Sunday News Correspondent

April 08. 2017 8:57PM
Cannon Mountain was a popular place on Saturday as skiers and snowboarders made the most of what was left of the 2016/17 winter season. (JOHN KOZIOL/Sunday News Correspondent)

FRANCONIA - Although the figures aren't final, the early indications are that some New Hampshire alpine ski resorts, like Cannon, will post solid results for 2016-2017 season.

As of April 6, there were 1,339,667 skier visits recorded at 10 of Ski NH's 16 member alpine resorts, said Jessyca Keeler, which is "28 percent over last year's numbers," but six percent behind the 2014/15 season, which "was our fourth best on record."

The executive director of the Lincoln-based industry association that also promotes 18 cross-country areas in the Granite State, Keeler said even though six alpine resorts have yet to provide her with attendance figures, the ten that did have done so consistently throughout the season.

That group is comprised of what she described as "the biggest ski areas:" Bretton Woods, Cannon, Cranmore, Dartmouth Skiway, Gunstock, Loon, Mount Sunapee, Pats Peak, Ragged and Waterville Valley.

Keeler expects to eventually get data from all Ski NH member resorts, alpine and Nordic, as well as updates from the alpine ten to include season pass users.

She said the difference between this season and 2014/15 is that the latter "had a very snowy end, not just in New Hampshire but also in our key market areas like the greater Boston region and southern New Hampshire."

This year, however, while there is still some deep coverage at the handful of resorts that remain open, "there isn't snow on the ground in those key areas," said Keeler, and that has a big impact on whether people come skiing, particularly at the end of the season."

"All in all, I'd say the season has been pretty successful," said Keeler. "While snowfall wasn't regular or steady throughout the season, we tended to have big storms right when it mattered most: during the Christmas vacation week, leading up to Presidents Weekend and February vacation week, and during March when resorts are in full spring skiing/spring events mode."

She conceded, however, that "We did experience some dips at the end of February vacation week because it was so warm, and the following week, vacation week for many New Hampshire school districts, was also a bad week because of bad weather.."

At Cannon, where skiing and snowboarding are scheduled to continue until April 16, John DeVivo, who is the general manager of the Cannon Mountain Aerial Tramway & Ski Area and Franconia Notch State Park, said the 2016/17 has been historic in several ways.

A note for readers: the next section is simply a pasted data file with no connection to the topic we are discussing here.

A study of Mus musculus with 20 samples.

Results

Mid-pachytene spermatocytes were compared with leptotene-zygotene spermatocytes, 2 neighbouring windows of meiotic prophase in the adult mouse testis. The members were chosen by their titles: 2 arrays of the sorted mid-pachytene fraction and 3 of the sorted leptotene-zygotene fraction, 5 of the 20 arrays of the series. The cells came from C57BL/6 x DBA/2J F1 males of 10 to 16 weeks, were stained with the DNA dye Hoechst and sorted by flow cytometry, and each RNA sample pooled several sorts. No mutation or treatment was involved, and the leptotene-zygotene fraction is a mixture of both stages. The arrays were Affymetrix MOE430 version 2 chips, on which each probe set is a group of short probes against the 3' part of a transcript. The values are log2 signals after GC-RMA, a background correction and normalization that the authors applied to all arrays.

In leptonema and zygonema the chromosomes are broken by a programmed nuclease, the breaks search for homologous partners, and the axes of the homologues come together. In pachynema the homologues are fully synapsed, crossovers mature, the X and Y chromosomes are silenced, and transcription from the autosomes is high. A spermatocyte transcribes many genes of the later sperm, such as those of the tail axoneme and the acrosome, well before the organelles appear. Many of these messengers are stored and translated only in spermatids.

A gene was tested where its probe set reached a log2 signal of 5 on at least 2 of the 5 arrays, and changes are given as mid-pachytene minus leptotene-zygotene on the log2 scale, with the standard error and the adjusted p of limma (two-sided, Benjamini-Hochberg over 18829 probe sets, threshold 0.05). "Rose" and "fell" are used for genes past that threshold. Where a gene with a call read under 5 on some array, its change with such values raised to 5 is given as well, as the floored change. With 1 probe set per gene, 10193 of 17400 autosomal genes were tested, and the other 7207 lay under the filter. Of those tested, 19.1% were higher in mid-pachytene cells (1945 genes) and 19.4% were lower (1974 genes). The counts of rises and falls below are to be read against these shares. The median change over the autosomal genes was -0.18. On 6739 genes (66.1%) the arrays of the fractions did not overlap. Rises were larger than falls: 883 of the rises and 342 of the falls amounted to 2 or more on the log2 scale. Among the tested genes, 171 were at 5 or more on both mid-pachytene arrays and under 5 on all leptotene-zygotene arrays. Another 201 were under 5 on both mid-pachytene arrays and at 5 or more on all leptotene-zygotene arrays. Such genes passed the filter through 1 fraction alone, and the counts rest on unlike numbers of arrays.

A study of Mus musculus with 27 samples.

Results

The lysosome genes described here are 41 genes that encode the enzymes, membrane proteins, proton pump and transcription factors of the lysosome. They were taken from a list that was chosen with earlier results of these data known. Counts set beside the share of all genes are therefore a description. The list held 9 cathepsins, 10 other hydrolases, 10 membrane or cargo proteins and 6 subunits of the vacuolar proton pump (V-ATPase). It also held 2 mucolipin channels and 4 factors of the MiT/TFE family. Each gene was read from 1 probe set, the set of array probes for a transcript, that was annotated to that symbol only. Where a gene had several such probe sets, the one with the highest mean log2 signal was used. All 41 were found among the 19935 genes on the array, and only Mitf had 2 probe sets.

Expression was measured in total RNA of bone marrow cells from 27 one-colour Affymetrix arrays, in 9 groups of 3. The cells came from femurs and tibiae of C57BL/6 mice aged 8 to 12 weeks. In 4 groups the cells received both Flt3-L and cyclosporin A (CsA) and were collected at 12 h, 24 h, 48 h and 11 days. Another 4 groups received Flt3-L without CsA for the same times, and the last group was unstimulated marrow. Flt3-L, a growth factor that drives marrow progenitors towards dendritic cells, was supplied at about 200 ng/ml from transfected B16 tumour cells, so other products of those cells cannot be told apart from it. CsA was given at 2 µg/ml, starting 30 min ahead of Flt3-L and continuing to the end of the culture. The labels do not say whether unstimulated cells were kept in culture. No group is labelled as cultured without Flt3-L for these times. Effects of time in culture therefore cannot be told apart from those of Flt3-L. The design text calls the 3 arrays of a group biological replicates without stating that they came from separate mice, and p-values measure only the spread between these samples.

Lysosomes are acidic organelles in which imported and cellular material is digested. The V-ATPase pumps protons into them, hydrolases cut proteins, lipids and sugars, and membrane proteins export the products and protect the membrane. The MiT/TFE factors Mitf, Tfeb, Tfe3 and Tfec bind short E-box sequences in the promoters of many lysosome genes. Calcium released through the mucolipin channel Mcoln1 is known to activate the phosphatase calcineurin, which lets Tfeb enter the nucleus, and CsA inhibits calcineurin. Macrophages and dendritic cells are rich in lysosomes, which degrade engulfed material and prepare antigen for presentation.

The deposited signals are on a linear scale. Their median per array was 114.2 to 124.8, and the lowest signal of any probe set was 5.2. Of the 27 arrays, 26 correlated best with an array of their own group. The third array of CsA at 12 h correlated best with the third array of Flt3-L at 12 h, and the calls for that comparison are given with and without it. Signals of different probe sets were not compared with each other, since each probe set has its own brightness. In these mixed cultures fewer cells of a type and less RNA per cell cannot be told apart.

As of April 2, Cannon had 43 percent more skier visits than last season, he said, while revenue was up 58 percent.

Year-to-date, skier visits were 10 percent above the six-year average; two percent above 2014/15; but two percent below Cannon's all-time best in 2010/11.

Revenue this season is 16 percent above the six-year average; 10 percent above 2014/15; but four percent behind 2010/11, he said.

The good news for Cannon on the slopes and the ticket office was complemented by several other achievement and occurrences.

Coming into the season, Cannon completed a $5 million snowmaking/energy efficiency/infrastructure project that saw the installation of more than 400 snowmaking guns and a new booster pumphouse at mid-mountain. DeVivo said that overall, the project increased snowmaking by almost 50 percent while reducing snowmaking energy consumption by at least that much.

Also, thanks to a partnership among the State of New Hampshire, Franconia Ski Club, and Holderness School, the Mittersill Race and Training Slopes opened on the west side of Cannon.

A designated training site for the US Ski Team and just months old at the time, the Mittersill facility in March hosted the 2017 NCAA Alpine Skiing Championships, garnering rave reviews from coaches, competitors and the NCAA.

On March 10, which was the final day of competition, Cannon marked the 50th anniversary of its being the first venue in North America to host an FIS Alpine Ski World Cup race.

On March 10, 11, and 12, 1967, Cannon hosted the downhill, slalom, and giant slalom and all three were won by France's Jean Claude Killy. That prodigious feat was matched many years later by Bode Miller, who, DeVivo proudly points out, learned how to ski at Cannon and calls it his home mountain.

A couple miles southeast in Lincoln, things this year have also been very positive at Loon.

"We've had a really strong season compared to last year," said Loon Spokesman Greg Kwasnik, adding that as of Saturday, Loon had 50 percent more skiable area open than it did at the same time in 2016 and was "on par" with 2014-2015.

Combined with its own snowmaking, Loon this season was the grateful recipient of a whopping 205 inches - or four feet more than usual - of snow, Kwasnik added.

"We saw a strong start to the season," he said, and February was up and then down, but "winter came back" with authority in both March and April.

"Typically, at this time of year we see a drop-off," Kwasnik said, because skiers are home far away where there's no snow and they're thinking spring not winter, "but that hasn't happened this season."

Ron Swiatlowski, of Palmer, Mass., and Thornton, said the late-season skiing yesterday at Cannon "was better than in January, actually."

"They were different, variable conditions, fog and freezing fog at the top, but there were three inches of new snow which was great, if you could see it," joked Swiatlowski, who is retired.

An avid skier who hit the slopes some 50 times this season, mostly at Loon, Cannon and Waterville Valley, Swiatlowski was thrilled to be out.

"For this time of year, it was great skiing," he said.